Native Americans oppose Trump visit to Andrew Jackson’s Nashville tomb
Screen shot from twitter video by Indivisible TN-3.

NASHVILLE, Tenn. — On a bitterly cold Nashville morning March 15, a determined group of local Native Americans and their allies withstood the seasonal bone chilling blustery winds of Middle Tennessee to demonstrate their opposition to Donald Trump’s visit to the tomb of Andrew Jackson.  As part of his visit to Nashville Trump paid homage to Jackson by placing a wreath on his tomb at the Hermitage, the historic home of the seventh president.

The Native opposition group positioned themselves on the route that Trump had to take for his motorcade to reach the Hermitage. Their protest signs included “Trump–Indian Hater, Jackson-Indian Killer”, “Creek War- a massacre of Indian people”—among many others. Trump was in Nashville ostensibly to promote his so-called health care bill.

The demonstration attracted much attention from passing motorists, the majority of them honking their horns in support.  There were, of course, Trump supporters who shouted insults and vile epithets. But, these Trumpites were few and far between and drove in the farthest lanes away from the demonstrators.

Trump has made no secret of his admiration for Jackson. He has called him “a great president” and “an amazing figure in American history, very unique in many ways.” Native people have just the opposite view of Jackson, regarding him as an early-day American Hitler. Indeed, Hitler is said to have studied Jackson’s treatment of Native Americans in crafting his plans for the Holocaust.

On January 24, Trump hung Jackson’s portrait in the Oval Office; this was the very same day that he signed the infamous memoranda promoting the Dakota Access Pipeline (DAPL) and resurrecting the Keystone XL Pipeline. The symbolism of such a move was not lost on Native people nationwide.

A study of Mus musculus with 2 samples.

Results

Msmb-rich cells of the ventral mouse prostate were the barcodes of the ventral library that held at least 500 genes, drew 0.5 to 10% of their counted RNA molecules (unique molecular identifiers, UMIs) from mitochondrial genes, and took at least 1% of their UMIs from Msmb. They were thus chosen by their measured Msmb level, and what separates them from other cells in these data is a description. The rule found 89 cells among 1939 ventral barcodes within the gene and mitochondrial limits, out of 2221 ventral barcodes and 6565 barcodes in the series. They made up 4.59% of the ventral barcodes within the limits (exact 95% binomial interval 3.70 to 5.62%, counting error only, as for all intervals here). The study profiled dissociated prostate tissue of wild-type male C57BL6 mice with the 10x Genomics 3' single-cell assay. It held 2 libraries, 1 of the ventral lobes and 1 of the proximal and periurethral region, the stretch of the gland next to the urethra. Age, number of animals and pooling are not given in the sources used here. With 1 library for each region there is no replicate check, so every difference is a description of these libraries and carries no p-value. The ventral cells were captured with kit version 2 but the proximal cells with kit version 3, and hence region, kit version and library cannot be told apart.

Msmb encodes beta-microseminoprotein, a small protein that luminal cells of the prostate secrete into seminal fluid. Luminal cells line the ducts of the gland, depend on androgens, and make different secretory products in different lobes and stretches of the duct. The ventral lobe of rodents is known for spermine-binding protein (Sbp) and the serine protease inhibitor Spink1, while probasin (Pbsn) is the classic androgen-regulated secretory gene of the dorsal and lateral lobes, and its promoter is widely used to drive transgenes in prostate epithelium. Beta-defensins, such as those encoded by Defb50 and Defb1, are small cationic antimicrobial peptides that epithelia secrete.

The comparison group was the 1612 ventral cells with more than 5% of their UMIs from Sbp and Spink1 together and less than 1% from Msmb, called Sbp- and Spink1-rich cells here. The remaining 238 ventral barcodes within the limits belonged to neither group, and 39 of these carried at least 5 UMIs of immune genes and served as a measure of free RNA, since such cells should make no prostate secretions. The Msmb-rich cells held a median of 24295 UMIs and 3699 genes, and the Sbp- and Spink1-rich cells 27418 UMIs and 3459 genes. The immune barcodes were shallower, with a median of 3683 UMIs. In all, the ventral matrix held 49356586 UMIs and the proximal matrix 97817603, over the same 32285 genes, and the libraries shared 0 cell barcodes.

Trail of tears sign, Yam Nahar. Public Domain.

Jackson was responsible for the 1830s Trail of Tears in the Southeast that drove five great Indian nations—Cherokees, Creeks, Choctaws, Chickasaws and Seminoles—from their homes. This forced displacement caused massive loss of life, numbering at least in the thousands. The American South was all but completely ethnically cleansed of Native people who had lived in comparative peace, harmony and prosperity for thousands of years.

Before the Trail of Tears, in the Creek War of 1813-14, Jackson commanded U.S. forces that killed thousands and forced the Muscogee Nation to cede 23 million acres to white settlers. This land grab helped to develop the brutal plantation system in the South and the continued enslavement of millions of captive Africans.

Jackson‘s hideous legacy continues in the racist atrocities committed against protesters opposing the Dakota Access pipeline in North Dakota. It is present in the recent heartless uses of a “Trail of Tears” banner by Ohio high school cheerleaders at Greenfield-McClain High to taunt an opposing team named the Hillsboro Indians (I might have expected such behavior from cheerleaders in North or South Dakota, but Ohio! It seems anti-Native racism is everywhere).

As for Trump and his praise of the most ant-Indian president in the history of the U.S., keep in mind that George Washington was a ruthless speculator in Indian land and that Thomas Jefferson was, in fact the first president to advocate for Indian removal, beginning with the Cherokees.

It was no coincidence that Trump chose March 15 for his Nashville visit. This date was also the 250th anniversary of Jackson’s birthday. This appears to have been meant to send a message to his racist supporters.



Albert Bender
Albert Bender

Albert Bender is a Cherokee activist, historian, political columnist, and freelance reporter for Native and Non-Native publications. He was an organizer and delegate to the First and Second Intercontinental Indian Conferences held in Quito, Ecuador and Quetzaltenango, Guatemala. Recently, he has been an active participant and reporter in the Standing Rock struggle in North Dakota. He is an attorney and is currently writing a legal treatise on Native American sovereignty. He is also writing a book on the war crimes committed by the U.S. against the Maya people in the Guatemalan civil war of the late 20th century. He is also the recipient of several Eagle Awards by the Tennessee Native American Eagle Organization and a former Director of Native American Legal Departments and a Tribal Public Defender.